Wu Jiao Chang
After my recent Slate article about roundabouts, part of which I spent delineating the differences between the traffic circles of yore and the modern roundabout, reader Anders sent in this photograph of this startling construction in Shanghai, decidedly the former category. He writes:
This is a traffic circle in the Yangpu district of Shanghai called Wu Jiao Chang, where 5 roads intersect (which is the basic meaning in Chinese). Every intersecting road has a light for entering the circle while there are also traffic lights within the circle.
A bit of further digging notes that the colored form in the center is the work of an artist named Zhong Song:
According to the artist himself, he has engaged the site’s knotty condition: “there are five roads leading to the plaza, with a highway overpass on top, and a subway line underneath. There are three different levels of infrastructure, creating a complex fabric that affects the pedestrian nature of the area. So, the question was, how do we add the pedestrian element so people will animate the five different streets?”. To accomplish this task, the artist enveloped the 105-foot-wide overpass in an ovular steel frame clad with aluminum. Measuring 348 feet long, 157 feet wide, and 82 feet tall, it cloaks cars speeding along the overpass.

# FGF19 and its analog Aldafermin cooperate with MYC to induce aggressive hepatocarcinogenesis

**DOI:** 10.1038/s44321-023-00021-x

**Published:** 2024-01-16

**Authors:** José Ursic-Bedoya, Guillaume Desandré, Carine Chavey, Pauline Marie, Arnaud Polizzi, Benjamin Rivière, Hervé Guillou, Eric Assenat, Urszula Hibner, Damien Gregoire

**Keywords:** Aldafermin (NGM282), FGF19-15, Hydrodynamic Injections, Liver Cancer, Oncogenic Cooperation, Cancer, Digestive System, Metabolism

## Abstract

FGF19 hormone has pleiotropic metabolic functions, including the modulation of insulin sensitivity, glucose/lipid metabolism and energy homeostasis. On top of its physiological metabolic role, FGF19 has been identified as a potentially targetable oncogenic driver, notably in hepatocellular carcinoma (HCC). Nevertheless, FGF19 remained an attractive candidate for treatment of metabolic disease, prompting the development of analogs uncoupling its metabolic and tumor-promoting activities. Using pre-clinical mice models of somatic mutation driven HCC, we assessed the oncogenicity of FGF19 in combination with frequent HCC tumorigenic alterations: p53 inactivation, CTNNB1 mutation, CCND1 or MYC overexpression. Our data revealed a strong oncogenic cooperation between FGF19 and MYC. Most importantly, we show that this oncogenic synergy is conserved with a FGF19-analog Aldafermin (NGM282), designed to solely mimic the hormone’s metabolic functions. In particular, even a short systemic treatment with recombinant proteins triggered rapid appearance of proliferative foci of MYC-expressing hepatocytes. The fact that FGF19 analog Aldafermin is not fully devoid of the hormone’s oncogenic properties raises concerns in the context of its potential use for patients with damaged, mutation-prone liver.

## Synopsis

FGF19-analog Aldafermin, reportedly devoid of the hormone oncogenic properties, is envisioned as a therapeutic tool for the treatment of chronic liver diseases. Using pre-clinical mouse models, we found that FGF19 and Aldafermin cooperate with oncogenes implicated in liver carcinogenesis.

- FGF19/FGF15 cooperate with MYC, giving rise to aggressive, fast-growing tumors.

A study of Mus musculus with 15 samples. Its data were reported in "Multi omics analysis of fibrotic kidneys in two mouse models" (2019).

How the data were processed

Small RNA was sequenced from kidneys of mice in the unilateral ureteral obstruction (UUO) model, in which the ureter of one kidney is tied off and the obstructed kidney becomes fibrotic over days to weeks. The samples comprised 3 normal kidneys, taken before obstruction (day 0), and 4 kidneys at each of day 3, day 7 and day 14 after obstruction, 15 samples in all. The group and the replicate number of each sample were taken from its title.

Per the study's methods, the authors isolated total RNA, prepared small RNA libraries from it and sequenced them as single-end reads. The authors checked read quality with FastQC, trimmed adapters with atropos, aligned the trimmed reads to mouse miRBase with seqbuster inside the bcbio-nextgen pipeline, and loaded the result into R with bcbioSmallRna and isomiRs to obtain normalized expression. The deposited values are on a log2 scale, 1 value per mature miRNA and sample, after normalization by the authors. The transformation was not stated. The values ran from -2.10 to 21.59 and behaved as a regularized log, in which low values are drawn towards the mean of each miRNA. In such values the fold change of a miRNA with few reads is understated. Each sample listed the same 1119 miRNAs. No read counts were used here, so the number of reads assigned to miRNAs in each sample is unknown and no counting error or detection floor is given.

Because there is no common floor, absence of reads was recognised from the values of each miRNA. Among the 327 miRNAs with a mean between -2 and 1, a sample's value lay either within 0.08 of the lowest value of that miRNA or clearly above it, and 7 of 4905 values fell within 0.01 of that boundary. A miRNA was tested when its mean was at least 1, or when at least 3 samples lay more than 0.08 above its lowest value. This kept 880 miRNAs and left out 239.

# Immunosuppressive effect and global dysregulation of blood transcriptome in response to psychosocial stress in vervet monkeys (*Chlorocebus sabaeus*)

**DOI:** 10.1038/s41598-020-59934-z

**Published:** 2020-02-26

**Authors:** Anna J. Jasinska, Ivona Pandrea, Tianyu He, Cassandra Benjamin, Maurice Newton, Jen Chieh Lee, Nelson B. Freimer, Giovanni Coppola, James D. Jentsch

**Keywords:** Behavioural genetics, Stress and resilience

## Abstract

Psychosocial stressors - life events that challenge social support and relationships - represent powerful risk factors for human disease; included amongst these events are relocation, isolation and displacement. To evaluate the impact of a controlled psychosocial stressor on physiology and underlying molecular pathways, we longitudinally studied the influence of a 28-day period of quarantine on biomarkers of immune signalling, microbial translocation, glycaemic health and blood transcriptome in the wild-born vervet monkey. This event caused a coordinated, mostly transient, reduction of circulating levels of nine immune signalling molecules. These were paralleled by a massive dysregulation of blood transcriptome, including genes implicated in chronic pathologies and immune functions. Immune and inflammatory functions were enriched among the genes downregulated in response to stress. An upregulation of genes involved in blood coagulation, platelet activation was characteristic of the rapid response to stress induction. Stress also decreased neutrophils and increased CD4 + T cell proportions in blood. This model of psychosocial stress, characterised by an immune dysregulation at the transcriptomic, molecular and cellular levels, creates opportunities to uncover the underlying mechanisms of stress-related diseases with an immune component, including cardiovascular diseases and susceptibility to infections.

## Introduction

Has anyone spent time in this place (I missed it while in Shanghai)? When was it built? How does one even get to the center, to enjoy the animated neon oval? (I can’t tell but there seems to be pedestrian underpasses, which might make this some weird modern version of Eugene Henard’s famous carrefour a gyration in 19th century Paris).
This entry was posted on Monday, July 27th, 2009 at 2:03 pm and is filed under Traffic Culture, Traffic Engineering, Uncategorized. You can follow any responses to this entry through the RSS 2.0 feed. You can leave a response, or trackback from your own site.